July 9, 2009

Did you know:

  • Of the 40 U.S. cities closest in size to Peoria (20 larger and 20 smaller) 30 offer universal curbside recycling for all residents
  • Of those 40 U.S. cities, 17 have poverty levels of 15% or higher. Of those 17 cities, 12 have universal curbside recycling. (Of the other 5, one charges less for it than for each additional can of garbage; two only have drop off locations; one charges $3/month with a  low income discount; and one discontinued recycling in 2001, but picks up used motor oil and filters.)
  • Decatur, Springfield, Bloomington and Champaign-Urbana all provide universal curbside recycling
  • Of the 8 largest cities in Illinois, all but Peoria offer universal curbside recycling—those cities have also signed the Cool Cities agreement (Chicago, Aurora, Rockford, Joliet, Naperville, Springfield, Peoria, Elgin)

*Size, population and economic statistics from Wikipedia. Recycling information researched for each city.

The City of Peoria is deciding how it wants to proceed with it’s waste hauling contract which includes landfill/refuse waste, curbside recycling and landscape waste. As you can see, universal curbside recycling for all residents is something most comparable cities already offer and most have for a number of years.

If you think recycling is important for Peoria. Contact your City Council rep, the Mayor and join our email list to stay informed on where things stand. We’ll continue to add more information to this website over the next few days about ways that Peoria can demonstrate it’s commitment to sustainability through the waste contract, which ranked as a top priority to citizens according the City’s comprehensive plan draft.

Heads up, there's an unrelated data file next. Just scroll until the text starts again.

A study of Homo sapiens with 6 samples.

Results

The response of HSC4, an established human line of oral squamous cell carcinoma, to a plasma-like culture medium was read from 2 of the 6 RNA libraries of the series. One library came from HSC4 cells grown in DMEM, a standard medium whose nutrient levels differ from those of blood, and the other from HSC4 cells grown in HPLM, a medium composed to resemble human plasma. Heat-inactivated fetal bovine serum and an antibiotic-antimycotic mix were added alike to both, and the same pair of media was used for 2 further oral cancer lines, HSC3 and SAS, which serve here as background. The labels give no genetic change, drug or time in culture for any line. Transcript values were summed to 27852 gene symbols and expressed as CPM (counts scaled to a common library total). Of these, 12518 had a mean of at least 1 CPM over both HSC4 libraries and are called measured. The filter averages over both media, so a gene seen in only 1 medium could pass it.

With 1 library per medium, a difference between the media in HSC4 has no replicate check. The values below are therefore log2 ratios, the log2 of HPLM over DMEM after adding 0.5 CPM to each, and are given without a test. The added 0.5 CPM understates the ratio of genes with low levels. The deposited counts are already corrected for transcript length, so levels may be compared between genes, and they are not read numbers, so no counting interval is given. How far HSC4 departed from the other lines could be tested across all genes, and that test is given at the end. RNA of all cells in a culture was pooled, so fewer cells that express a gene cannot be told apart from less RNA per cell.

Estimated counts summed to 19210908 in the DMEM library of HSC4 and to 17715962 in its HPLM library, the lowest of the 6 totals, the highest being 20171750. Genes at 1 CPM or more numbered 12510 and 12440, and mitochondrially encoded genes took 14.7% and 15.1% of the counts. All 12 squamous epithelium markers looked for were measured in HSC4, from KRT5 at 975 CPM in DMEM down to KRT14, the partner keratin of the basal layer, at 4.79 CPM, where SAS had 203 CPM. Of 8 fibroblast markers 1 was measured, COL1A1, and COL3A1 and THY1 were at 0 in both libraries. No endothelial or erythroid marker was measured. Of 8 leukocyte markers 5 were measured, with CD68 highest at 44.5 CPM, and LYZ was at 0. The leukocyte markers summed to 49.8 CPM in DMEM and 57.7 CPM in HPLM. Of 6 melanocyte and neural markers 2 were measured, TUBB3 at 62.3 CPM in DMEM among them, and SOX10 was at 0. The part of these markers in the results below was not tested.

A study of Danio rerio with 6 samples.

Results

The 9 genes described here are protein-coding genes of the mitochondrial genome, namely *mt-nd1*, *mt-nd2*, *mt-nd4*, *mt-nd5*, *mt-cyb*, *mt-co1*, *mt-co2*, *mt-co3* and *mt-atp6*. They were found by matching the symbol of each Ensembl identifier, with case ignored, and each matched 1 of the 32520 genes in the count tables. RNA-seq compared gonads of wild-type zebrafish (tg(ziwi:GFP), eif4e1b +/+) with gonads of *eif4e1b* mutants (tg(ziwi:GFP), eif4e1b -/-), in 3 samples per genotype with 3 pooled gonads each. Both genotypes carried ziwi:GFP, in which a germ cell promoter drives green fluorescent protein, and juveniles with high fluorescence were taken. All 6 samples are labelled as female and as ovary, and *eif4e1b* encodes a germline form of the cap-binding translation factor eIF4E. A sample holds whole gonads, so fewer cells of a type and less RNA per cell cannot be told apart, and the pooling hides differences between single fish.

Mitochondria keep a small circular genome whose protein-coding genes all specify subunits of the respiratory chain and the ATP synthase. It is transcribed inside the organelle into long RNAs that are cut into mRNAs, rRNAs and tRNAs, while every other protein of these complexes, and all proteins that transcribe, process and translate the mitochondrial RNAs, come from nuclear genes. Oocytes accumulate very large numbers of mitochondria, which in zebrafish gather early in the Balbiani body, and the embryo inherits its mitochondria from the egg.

Here’s a short list of reasons for the City to encourage recycling:

Environmental Reasons to Reduce Landfill Waste

  • Decomposition of waste in landfills produces methane (which should not be viewed as a renewable energy source, just a fix for existing landfills). Municipal Solid Waste landfills are the largest source of human-related methane (source: EPA)
  • Transportation of waste to the landfill produces greenhouse gases
  • Disposal of raw materials means more must be mined/harvested/produced causing a number of environmental hazards depending on the processes involved
  • There is limited land space that can be used for landfills worldwide
  • Organic matter put into the landfill means more nutrients from the land are being lost and more chemical/synthetic treatments will be needed to amend the soil
  • Composting reintroduces carbon to the soil vs the atmosphere (and vs converting to methane in the landfill). For example, Clifton, New Jersey, residents have reduced greenhouse gas emissions equivalent to 582 cars’ annual emissions through their composting efforts (source: www.climatemanual.org).
  • Recycling requires far less energy, uses fewer natural resources, reduces water pollution and protects wildlife (source: National Recycling Coalition)
  • Recycling offers significant energy savings over manufacturing with virgin materials, for example, manufacturing with recycled aluminum cans uses 95% less energy. (source: National Recycling Coalition)
  • Climate change and obtaining new raw materials often hurts the poor and 3rd world communities the most

Economic Reasons to Reduce Landfill Waste

  • Extending the life of current landfills
  • Composting and recycling facilities create more jobs in the U.S.
  • Lower disposal costs (realized by most communities)
  • Reduce health/environment costs
  • Composting provides a free source of soil amendments for yards and gardens
  • No one wants to live near a landfill
  • Less demand for electricity on the grid can be realized with lower utility rates

Don’t forget to let City Council know that you’d like to see universal recycling for Peoria today. They’ll discuss the waste contract again at the July 28 meeting.